The Good News of God's Mercy
Faith Formation Update continues to offer free monthly encouragement and direction for catechetical ministry within the classroom and beyond. I’m Jeanne Hunt. In each issue I offer a brief starter and my “ Every Family” column. My co-worker and fellow religious educator Joan McKamey offers media resources and ideas in her “ Seen and Heard” column. Our co-worker Angela Glassmeyer suggests other faith formation resources for adults in her column, “Sowing Sampler.”

The words “I’m sorry” can roll off our lips without much thought. In this edition, we will take those words to heart as we look at sacramental forgiveness and how we can pass on the Good News of God’s mercy to those we teach.
FOR SHARING AND DISCUSSION: Share your ideas and questions on our Faith Formation Forum
What are some ideas you have for helping children and teens come to know our forgiving God?
What are some ideas you have for helping adults to become convinced of God's desire to be reconciled with us?
What personal experience of God's forgiveness helps you share the Good News of God's love and mercy with others? 

Teaching Forgiveness
Teaching others to forgive and to be reconciled is primary to the role of parents and catechists. The lesson is learned not from a textbook or catechism but from witnessing forgiveness in action. Lenten days are the perfect evangelizing moment to bring stubborn or prideful souls to understand the power of the words “Forgive me.”
When we choose to forgive and be forgiven, we are set free of the poison that turns loving hearts into hearts of stone. I like to put a large rock in the center of my kitchen table with a permanent marker next to it. Whenever I see someone in the family choose to forgive or act with mercy or kindness to an offender, I write his or her initials and the date on the rock. This stony heart soon becomes a symbol of a heart of flesh, reminding my family that we are called to act with mercy and there will always be grace sufficient.
When I present Reconciliation workshops for parents, I am painfully aware that some of them have not been to the sacrament in years. If we want children to celebrate the sacrament, they must see the adults in their lives participate in the Sacrament of Reconciliation.
But what do you do if the formula has long been forgotten? Parents can be totally embarrassed that their child is more comfortable with the rite than they are. I offer you a handy little book perfect for the occasion: How to Go to Confession When You Don't Know How, by Ann M.S. LeBlanc. “If you’re nervous about confession, read this book,” writes the author, who was herself nervous about confession upon returning to the Church after years away from its enveloping arms.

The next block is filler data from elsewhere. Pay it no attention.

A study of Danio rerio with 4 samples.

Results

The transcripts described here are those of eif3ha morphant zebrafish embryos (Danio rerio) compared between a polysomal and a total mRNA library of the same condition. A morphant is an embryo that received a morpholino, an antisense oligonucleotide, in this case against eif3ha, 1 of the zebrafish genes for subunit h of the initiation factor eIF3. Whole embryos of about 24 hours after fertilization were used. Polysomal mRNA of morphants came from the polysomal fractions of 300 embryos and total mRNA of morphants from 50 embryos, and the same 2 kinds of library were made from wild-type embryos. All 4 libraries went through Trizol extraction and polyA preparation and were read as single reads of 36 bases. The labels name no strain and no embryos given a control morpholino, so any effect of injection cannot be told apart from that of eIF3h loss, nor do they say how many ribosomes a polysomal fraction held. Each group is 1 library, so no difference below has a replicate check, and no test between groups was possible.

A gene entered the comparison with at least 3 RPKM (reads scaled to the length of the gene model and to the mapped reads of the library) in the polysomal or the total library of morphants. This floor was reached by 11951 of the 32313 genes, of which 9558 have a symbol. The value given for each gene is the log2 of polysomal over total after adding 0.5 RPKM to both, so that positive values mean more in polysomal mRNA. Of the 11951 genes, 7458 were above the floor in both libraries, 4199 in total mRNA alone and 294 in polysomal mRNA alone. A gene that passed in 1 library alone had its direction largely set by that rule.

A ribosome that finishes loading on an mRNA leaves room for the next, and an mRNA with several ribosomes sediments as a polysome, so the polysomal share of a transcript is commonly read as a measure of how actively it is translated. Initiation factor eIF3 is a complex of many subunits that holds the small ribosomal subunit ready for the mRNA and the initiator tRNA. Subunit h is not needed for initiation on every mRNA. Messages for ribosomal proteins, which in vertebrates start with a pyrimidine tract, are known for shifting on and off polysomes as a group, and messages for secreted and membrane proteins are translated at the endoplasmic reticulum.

Presented with humor, practicality and a deeply spiritual appreciation of the sacrament, this book offers a step-by-step description of exactly how to go about participating in the Sacrament of Reconciliation. This is also a gem of a resource for returning Catholics or new Catholics looking for a bridge to peace and healing.
Do you remember a childhood place where you’d daydream, write in a diary, read or hide from a tormenting brother (or sister)—a place where you felt totally safe? Do you have one now?
What about a safe person—one you could go to for acceptance, love, and even forgiveness when needed?
Feeling “safe” has a lot to do with our ability to ask for forgiveness from another and from God in the Sacrament of Penance and Reconciliation. Being anxious or uncertain that you’ll be forgiven can be a barrier to celebrating the sacrament. And let’s face it: Naming your sins to another isn’t the most comfortable thing to do anyway.
Some of the young people and adults with whom we work don’t have safe places or people to help them believe that God loves them unconditionally. A strong image I have of God’s love and forgiveness—one of my “safe” places and relationships—is from Pardon and Peace…Remembered. Some of you will remember the Franciscan Communications classic Pardon and Peace. If so, you can probably guess my safe image: a house at night with all the lights lit, welcoming a prodigal child home (Windows Media).
Offer this video story and powerful image of God’s desire to be reconciled with us. The original was updated a few years ago—the “old man” (played by the same actor!) looks back at young David’s journey home and shares with his granddaughter the impact this had on his own life.

Enjoy and share this story segment of the Catholic Update Video, “The God Who Reconciles.” Add witness, teaching and music video segments to the story, and you get a real bargain at $19.95. Not a bad deal if it softens a few hearts and opens others to God’s forgiveness!
Franciscan Radio
Keys to Forgiveness
“Sure, it’s hard to forgive. But it’s harder not to. The toxin of bitterness poisons the heart, and the burden of resentment weighs heavy on the soul. At the same time, forgiveness is the ointment that heals the hurt.”—from “Keys to Forgiveness,” Every Day Catholic

The topic of this particular Every Day Catholic couldn’t be more appropriate for Lent—a time when we focus on repentance and forgiveness. Forgiving others can be a difficult and painful process, but not forgiving others only prolongs the pain of the wrong done to you. In this issue, Fr. Paul Boudreau invites you to “unlock for yourself the healing way of forgiveness.”

Sometimes people need to talk it out. I invite you to use the free leader’s guide with this issue and gather a small-group for reflection and discussion on forgiveness. Or, just place the issue on a table by the church doors for anyone who needs help finding the power of forgiveness.

Click here to learn about more Lenten products for your parish.

Click here to access the entire list of popular Every Day Catholic parish handouts.